CBSN

Bonnie Hits Florida on Way to Gulf

Tropical Storm Bonnie approaches the Florida coast on its way to the Gulf of Mexico, July 23, 2010.
AP Photo
Updated 3:52 p.m. ET

Tropical Storm Bonnie made landfall in Florida south of Miami, following a course that would take it across the Gulf of Mexico oil spill, prompting a pause in efforts to clean up the disaster.

The National Hurricane Center in Miami said the eye of Bonnie came ashore Friday midday near Cutler Bay, about 20 miles south of Miami. The storm had top sustained winds of 40 miles per hour.

Special Section: Gulf Coast Oil Disaster
Photos : Tropical Storm Bonnie

There were no immediate reports of damage. The storm has so far has just spread some rain across South Florida. Tropical storm warnings were in place for much of Florida's east coast and from the Florida Panhandle at Destin to Morgan City, La., and includes Lake Pontchartrain, north of New Orleans.

Bonnie is expected to strengthen when it moves over the Gulf late Friday and Saturday. The storm is moving west-northwest near 18 mph.

Key ships stationed over BP's crippled oil well in the Gulf were ordered to evacuate Thursday as Bonnie approached, but engineers have become so confident in the leaky cap fixed to the well head that they decided it will remain closed in their absence.

A broken oil well has spewed somewhere between 94 million and 184 million gallons into the Gulf before a cap could be attached. The crisis - the biggest offshore oil spill in U.S. history - unfolded after the BP-leased Deepwater Horizon rig exploded April 20, killing 11 workers.

In the Dominican Republic, the storm forced the evacuation of more than 6,500 people and left 26 communities isolated.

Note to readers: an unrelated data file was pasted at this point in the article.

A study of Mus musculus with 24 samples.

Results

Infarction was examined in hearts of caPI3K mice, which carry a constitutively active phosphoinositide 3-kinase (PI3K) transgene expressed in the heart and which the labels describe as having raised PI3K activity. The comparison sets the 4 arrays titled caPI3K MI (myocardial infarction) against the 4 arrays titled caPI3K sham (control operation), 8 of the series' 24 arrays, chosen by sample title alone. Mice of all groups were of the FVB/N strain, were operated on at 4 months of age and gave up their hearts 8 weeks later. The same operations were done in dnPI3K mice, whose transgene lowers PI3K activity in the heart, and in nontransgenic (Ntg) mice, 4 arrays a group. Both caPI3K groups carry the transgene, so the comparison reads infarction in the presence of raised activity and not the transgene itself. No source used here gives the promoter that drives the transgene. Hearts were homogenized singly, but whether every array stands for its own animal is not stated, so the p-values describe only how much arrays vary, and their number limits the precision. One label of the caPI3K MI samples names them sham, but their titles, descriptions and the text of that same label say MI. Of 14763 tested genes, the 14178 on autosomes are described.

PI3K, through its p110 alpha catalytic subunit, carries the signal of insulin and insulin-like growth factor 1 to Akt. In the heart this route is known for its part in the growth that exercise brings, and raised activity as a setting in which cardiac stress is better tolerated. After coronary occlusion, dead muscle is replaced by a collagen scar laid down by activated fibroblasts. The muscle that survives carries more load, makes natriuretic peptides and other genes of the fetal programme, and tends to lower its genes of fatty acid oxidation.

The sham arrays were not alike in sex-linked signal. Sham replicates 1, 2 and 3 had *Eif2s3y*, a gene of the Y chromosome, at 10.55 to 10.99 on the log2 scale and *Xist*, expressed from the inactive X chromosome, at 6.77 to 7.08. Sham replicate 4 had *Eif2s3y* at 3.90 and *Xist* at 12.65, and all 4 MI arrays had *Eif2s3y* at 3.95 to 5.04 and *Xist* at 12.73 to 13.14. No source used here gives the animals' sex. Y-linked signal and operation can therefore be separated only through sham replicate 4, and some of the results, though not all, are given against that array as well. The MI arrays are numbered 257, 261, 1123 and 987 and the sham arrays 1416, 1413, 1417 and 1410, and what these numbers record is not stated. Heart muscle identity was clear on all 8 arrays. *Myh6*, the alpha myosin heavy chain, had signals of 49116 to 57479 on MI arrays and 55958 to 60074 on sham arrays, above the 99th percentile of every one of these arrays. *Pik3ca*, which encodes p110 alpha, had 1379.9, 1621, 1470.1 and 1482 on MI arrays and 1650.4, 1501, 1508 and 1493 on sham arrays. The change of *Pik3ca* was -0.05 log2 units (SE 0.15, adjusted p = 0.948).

The director of the Emergency Operations Center said more than four inches of rain fell early Friday. The Department of Corrections transferred nearly 700 inmates to another prison as flooding threatened their prison in the outskirts of Santo Domingo.

A couple and their son were injured when their car hydroplaned and crashed into dry reef just feet from the ocean in the Dominican capital.

Forecasters said the storm could strengthen a little over the Gulf. The early forecast track would carry it toward Louisiana.

Some experts worry the hurricane season could worsen environmental damage from the spill, with powerful winds and large waves pushing oil deeper into estuaries and wetlands and also depositing more of the pungent, sticky mess on beaches.

Capt. Stephen Russell, director of the Bahamian National Emergency Management Agency, said there were no reports of major damage, flooding or injuries on islands in the southeastern and central Bahamas already passed by the storm on Thursday.

In the Dominican Republic, where roughly 1,500 people were evacuated, rice fields were destroyed and 14 communities left isolated after bridges collapsed. A 14-year-old boy died in Puerto Rico on Sunday after drowning in a swollen river.

Haiti's Department of Civil Protection reported minor flooding in the northern Artibonite region but no injuries or major damage.